By Rose Payne

The phenomenon of memeing, in its current form, popped up fairly recently. Previously having only existed in the reserve of niche internet subcultures, now they have well and truly entered the mainstream. Even if I wanted to avoid them now, it seems unlikely that I could, my newsfeed is swamped. While some memes are hilarious and wholesome, others can be upsetting or triggering. Like many new technological phenomena, it seems unclear at the moment whether memes are a force for good or bad, or nothing at all. But while individual memes may come and go, as a phenomenon, they seem set to stay.

Of course it’s wrong to group all memes into one homogeneous mass – like all art, memes are to some extent a function of the views of their creators. They represent all positions on the political spectrum, and range from the mundane to the surreal. This huge range is probably part of what makes memes so popular, but also makes it difficult to characterise their effect.

There is something immensely reassuring about knowing that other people are feeling the same way you do. I think that most people will be familiar with the relief that comes with finding out that someone else hates the same person/thing that I do. These realisations make you feel less alone; it’s a great source of validation. This validation is a big part of the appeal of memes.

Source: Memebridge

The massive popularity of pages like Memebridge, and its increasingly specific offshoots, is a clear sign of this need. Some of the most common memes on the page are related to feeling overwhelmed, anxious or depressed. This acceptance and validation of not feeling great all the time is essential in a place like Cambridge.

Often it can feel like you’re the only one struggling, desperately treading water to try and stay on top of workload, extra curriculars and having an active social life, while everyone else continues to overachieve massively and effortlessly. The assumption can be that because no one else is really talking about mental health, or that they’re struggling, they must be doing fine. But Memebridge blows these assumptions wide open. Everyone you know, regardless of how well you think they might be doing, likes these memes; the guy you think does no work but still seems to get a first effortlessly every year, that ridiculously multi-talented BNOC, the person who manages to go out every night and still get up for their 10am.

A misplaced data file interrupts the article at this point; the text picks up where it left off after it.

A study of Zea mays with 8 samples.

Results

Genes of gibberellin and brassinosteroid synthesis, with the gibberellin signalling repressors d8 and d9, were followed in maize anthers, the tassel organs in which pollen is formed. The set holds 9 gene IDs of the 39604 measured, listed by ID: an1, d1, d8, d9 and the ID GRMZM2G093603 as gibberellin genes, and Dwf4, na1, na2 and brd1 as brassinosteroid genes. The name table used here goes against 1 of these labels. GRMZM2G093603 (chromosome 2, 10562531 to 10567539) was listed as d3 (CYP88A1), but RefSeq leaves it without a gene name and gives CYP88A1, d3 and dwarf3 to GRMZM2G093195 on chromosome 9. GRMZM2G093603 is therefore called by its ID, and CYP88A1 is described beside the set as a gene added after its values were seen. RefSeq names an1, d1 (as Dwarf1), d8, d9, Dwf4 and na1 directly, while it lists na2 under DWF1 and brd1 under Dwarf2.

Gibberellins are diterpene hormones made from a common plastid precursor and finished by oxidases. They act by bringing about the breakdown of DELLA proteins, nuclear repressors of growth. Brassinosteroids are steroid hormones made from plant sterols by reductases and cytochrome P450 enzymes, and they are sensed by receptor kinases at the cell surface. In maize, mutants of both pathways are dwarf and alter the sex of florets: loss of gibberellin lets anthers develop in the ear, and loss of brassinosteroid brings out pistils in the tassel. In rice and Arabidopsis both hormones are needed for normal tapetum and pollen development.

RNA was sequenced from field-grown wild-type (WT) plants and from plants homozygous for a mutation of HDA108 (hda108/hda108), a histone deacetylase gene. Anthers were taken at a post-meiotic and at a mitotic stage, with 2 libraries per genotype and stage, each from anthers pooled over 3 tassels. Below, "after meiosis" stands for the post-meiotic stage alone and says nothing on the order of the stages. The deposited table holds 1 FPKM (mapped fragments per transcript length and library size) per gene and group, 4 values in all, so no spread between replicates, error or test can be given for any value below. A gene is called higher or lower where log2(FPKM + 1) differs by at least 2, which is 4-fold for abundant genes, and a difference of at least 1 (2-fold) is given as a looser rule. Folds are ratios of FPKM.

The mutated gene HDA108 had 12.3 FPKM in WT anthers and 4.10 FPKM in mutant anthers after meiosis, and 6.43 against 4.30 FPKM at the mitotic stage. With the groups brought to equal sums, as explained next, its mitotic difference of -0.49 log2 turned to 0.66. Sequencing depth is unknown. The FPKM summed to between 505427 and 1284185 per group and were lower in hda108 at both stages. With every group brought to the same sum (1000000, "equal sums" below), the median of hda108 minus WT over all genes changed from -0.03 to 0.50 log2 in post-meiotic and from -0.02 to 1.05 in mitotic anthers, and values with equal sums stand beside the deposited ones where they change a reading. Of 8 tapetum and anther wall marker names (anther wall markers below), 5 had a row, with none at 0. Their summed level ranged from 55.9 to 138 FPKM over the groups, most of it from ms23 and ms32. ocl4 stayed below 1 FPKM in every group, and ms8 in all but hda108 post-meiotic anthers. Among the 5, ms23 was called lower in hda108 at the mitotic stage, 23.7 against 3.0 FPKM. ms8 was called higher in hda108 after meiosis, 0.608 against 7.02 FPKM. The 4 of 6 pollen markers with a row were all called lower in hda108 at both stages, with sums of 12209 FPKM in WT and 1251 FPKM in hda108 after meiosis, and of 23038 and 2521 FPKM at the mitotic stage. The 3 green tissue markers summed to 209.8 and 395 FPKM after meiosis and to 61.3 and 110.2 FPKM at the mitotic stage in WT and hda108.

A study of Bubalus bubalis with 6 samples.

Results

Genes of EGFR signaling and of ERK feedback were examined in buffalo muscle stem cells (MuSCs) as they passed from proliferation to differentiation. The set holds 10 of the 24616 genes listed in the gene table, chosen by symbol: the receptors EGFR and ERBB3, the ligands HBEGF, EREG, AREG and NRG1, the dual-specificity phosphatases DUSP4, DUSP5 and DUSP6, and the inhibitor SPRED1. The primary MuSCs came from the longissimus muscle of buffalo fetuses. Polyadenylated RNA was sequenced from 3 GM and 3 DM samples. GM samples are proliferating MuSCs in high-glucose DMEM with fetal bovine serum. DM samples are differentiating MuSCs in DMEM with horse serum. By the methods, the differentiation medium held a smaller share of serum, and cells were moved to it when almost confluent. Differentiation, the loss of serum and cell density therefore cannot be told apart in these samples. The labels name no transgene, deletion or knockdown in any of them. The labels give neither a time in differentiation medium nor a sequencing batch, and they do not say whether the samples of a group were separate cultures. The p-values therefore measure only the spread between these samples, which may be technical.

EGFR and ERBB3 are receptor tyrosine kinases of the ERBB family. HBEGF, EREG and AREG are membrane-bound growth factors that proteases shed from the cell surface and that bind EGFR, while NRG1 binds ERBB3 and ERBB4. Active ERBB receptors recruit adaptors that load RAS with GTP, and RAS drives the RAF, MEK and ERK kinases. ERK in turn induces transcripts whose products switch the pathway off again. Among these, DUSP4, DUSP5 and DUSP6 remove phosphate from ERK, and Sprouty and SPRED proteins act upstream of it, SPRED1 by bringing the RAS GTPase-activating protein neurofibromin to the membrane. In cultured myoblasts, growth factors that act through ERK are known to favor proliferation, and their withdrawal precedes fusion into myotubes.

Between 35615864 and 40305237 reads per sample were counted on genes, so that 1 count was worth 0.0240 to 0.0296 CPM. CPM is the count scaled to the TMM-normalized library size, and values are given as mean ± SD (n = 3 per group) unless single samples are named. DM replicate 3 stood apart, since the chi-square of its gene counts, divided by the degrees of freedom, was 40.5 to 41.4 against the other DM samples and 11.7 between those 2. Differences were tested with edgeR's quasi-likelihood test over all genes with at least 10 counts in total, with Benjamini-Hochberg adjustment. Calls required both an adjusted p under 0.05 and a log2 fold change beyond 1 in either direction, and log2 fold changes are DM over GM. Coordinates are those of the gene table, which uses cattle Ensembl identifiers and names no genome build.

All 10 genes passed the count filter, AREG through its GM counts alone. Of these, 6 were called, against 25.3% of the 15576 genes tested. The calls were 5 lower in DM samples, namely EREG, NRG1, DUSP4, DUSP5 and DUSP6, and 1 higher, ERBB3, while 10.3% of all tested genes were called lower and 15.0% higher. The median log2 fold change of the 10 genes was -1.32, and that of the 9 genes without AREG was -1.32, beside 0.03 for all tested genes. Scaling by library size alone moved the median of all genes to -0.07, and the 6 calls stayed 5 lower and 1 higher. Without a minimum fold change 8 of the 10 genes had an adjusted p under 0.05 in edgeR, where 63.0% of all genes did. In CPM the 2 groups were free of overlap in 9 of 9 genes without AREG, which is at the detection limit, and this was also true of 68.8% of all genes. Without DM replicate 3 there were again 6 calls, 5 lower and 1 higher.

But no one is perfect, and uni is a difficult time for most people. Memes provide a way to start a dialogue about mental health without the scariness of having to announce your personal circumstances to the world.

That is not to say that the experiences of all meme-likers are the same. It’s important to stress that mental health problems are serious, and that it’s important not just to accept how you’re feeling, but also to seek help. A potential problem with memes is the passivity they encourage, terrible mental health should not just be accepted. The fact that lots of people experience mental health problems does not mean that your individual struggle is any less serious or valid. While Cambridge can make it feel like it’s normal to suffer from mental health problems, that’s only because it’s such a stressful environment, often with poor pastoral support.


I suppose the message here is that while memes can make you feel less alone, and provide a positive sense of community, it doesn’t mean that your problems should just be accepted. So tag your friend in that meme, embrace the solidarity, but also make sure you both can get the help and support that you need.


Header image source: I feel personally attacked by this relatable content


3 thoughts on “What are memes doing for our mental health?